An inside story

Australian designer Julie Lantry is introducing innerwear created using natural fibre and treated with Ayurvedic herbs, says Sarbani Sen

  • Published 12.07.15



Photo: Rupinder Sharma

It’s an idea that might sound a bit bizarre at first glance. But Australian fashion designer Julie Lantry figures it makes great sense to create innerwear with an Ayurvedic touch.

And how do you put the two together: The innerwear’s designed with natural fibres that have been treated with Ayurvedic herbs — tulsi, neem and aloe vera — during the manufacturing process. And yes, Lantry, who is based in North Queensland, manufactures her collections right here in India.

Lantry reckons she’s ahead of her curve with her innerwear line. The intimates market is slowly changing, she says, and women are going for the super-comfort of high-waisted knickers. “Women are waking up to the concept, though currently it’s a niche market,” says Lantry who travels to India at least twice a year to supervise manufacturing. At other times she coordinates with her team in India over Skype.

Her brand Ayurvedic Lingerie she says is a “good marriage” between natural dyes and comfortable lingerie. “I wanted to create ‘healthier’ underwear. And whether you believe in the healing properties of Ayurvedic products or not, they are completely natural and are better for the skin as compared to anything else,” she says.

Julie Lantry’s innerwear line Soulmate Intimates includes comfy sleepwear like this tank top and knickers made from soft organic cotton that has been treated with Ayurvedic herbs like tulsi and aloe vera

From classic sleepwear like scoop- neck tank tops with lace prints to cotton camisoles, Soulmate Intimates offers a wide range of products. Also available are cotton panties with Lantry’s signature hearts print on them as well as underwire-free bras.

Lantry, a well-established Australian designer with celebrity clients including actors Cate Blanchett and Toni Collette, was introduced to India in 2001 by her British designer friend Nick Groom. Ever since then, she’s been visiting the country at least three times a year to explore trade fairs and to connect with artisans in a bid to understand the textile market here. Her sojourns in Kerala left her very impressed by the manner in which Ayurveda seemed to be entrenched in different aspects of people’s lives. She began researching on how Ayurveda could be ‘incorporated’ into her own fashion lines.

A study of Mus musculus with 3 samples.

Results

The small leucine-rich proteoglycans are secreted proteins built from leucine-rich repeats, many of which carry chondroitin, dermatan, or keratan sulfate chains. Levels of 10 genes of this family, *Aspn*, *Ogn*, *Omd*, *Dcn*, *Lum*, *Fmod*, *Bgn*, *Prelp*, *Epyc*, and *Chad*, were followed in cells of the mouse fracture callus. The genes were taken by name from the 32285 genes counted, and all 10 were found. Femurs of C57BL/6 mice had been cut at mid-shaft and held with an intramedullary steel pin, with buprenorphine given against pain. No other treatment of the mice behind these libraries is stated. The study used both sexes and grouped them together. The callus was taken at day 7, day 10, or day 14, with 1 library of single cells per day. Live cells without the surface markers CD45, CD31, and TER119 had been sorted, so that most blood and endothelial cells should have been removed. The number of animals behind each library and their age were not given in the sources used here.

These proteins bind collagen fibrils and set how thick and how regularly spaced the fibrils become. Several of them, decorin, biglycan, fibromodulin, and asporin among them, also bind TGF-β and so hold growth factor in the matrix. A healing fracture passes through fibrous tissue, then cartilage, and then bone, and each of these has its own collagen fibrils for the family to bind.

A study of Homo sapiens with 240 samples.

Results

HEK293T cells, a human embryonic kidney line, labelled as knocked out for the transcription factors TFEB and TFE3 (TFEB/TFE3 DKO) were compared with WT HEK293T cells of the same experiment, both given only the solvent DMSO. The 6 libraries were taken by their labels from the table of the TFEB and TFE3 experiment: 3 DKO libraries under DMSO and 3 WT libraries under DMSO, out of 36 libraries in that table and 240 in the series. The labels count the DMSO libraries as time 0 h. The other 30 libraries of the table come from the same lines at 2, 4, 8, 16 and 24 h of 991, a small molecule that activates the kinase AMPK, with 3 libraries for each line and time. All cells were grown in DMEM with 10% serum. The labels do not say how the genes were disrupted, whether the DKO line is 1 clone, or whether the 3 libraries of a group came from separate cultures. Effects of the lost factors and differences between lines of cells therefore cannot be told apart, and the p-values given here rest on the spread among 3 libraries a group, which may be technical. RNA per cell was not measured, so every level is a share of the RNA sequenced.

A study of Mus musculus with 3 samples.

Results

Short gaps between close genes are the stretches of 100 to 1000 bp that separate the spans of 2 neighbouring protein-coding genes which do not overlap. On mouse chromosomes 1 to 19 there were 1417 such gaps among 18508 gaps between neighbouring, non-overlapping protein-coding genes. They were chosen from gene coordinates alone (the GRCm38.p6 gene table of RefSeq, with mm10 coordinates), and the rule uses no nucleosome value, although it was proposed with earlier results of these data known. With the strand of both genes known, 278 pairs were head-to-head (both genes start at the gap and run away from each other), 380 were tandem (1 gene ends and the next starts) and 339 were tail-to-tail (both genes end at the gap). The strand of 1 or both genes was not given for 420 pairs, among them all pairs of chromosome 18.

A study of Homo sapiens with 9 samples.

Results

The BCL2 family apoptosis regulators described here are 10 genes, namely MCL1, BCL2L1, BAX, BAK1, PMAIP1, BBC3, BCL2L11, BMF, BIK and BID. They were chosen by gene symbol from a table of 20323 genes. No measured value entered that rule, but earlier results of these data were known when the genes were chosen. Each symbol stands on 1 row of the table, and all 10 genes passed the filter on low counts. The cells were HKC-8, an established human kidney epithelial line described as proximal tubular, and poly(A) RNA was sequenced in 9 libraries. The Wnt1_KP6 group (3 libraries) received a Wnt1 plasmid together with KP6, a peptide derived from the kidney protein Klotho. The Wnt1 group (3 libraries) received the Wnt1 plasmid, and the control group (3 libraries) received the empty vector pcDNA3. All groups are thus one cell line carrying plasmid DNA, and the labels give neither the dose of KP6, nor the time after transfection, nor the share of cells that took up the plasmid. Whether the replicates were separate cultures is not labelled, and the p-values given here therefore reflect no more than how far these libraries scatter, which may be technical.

She was also determined to work with natural dyes after a close friend suffering from cancer began having trouble with chemical dyes used in clothes.

Lantry spent three years researching on Ayurvedic dyes. “It was all about reading books and journals to understand the techniques used to create them,” Lantry says.

The next step was to identify places where organic cotton farming was carried out, after which she located a factory for manufacturing and zeroed in on artisans with an understanding of Ayurvedic dyes.

A year ago, she launched Soulmate Intimates with a capital of Australian Dollars (AUD) 50,000 (around Rs 25 lakh) and its turnover today stands at AUD 500,000 (Rs 2.5 crore approximately).

Lantry’s creations start their journey at an organic cotton farm in Tiruppur, Tamil Nadu. Once the cotton is loomed into fabric, it’s soaked in soap nuts (natural cleaner) followed by an Ayurvedic dyeing process which uses natural dyes like Indian Madder and natural indigo. “Indian Madder has properties to heal skin allergies while natural indigo is an anti-oxidant,” she says. Then the fabric is softened by Ayurvedic herbs such as tulsi, neem and aloe vera and dipped in natural minerals and salts.

Students from Sydney’s University of Technology learn embroidery and block printing from local artisans in Delhi as part of the textile tour organised by Lantry

Once the basic fabric is cut and stitched in Bangalore, it’s ready for embellishments like hand-block print designs. Traditional artisans from Bengal execute delicate threadwork with the occasional use of sequins and beads on the garments at Studio Calantha, Bangalore. “The idea is not to add too many embellishments but just a bit of detailing,” says Sudhir Swain, Studio Calantha’s design director who works with the label.

Lantry has also tied up with Tharangini Studios, Bangalore, where hand-carved teakwood blocks are used for printing. “The key ingredient in a natural dye is gum arabic that’s derived from the Babool tree,” says Padmini Govind of Tharangini.

Packaging with recycled material is done in Delhi and the products are then shipped to Australia. Sold online through her website,, Soulmate Intimates is available in Australia and the UK currently. The price range for bra and knickers starts from AUD 22 and goes up to AUD 49.

Every month, 500 units of garments are shipped to Australia. But it’s no walk in the park for Lantry. “The biggest challenge is meeting deadlines. When you are working with traditional artisans, you have to allow a longer time-frame as the process is slow.

Another is maintaining the quality of products which we can’t compromise on,” Lantry smiles.

Lantry also organises textile tours for students of the University of Technology, Sydney. They come to India
to attend classes in embroidery and block-printing with local artisans. 

Lantry now plans to design a children’s line soon. Clearly, her love affair with Ayurveda will only continue.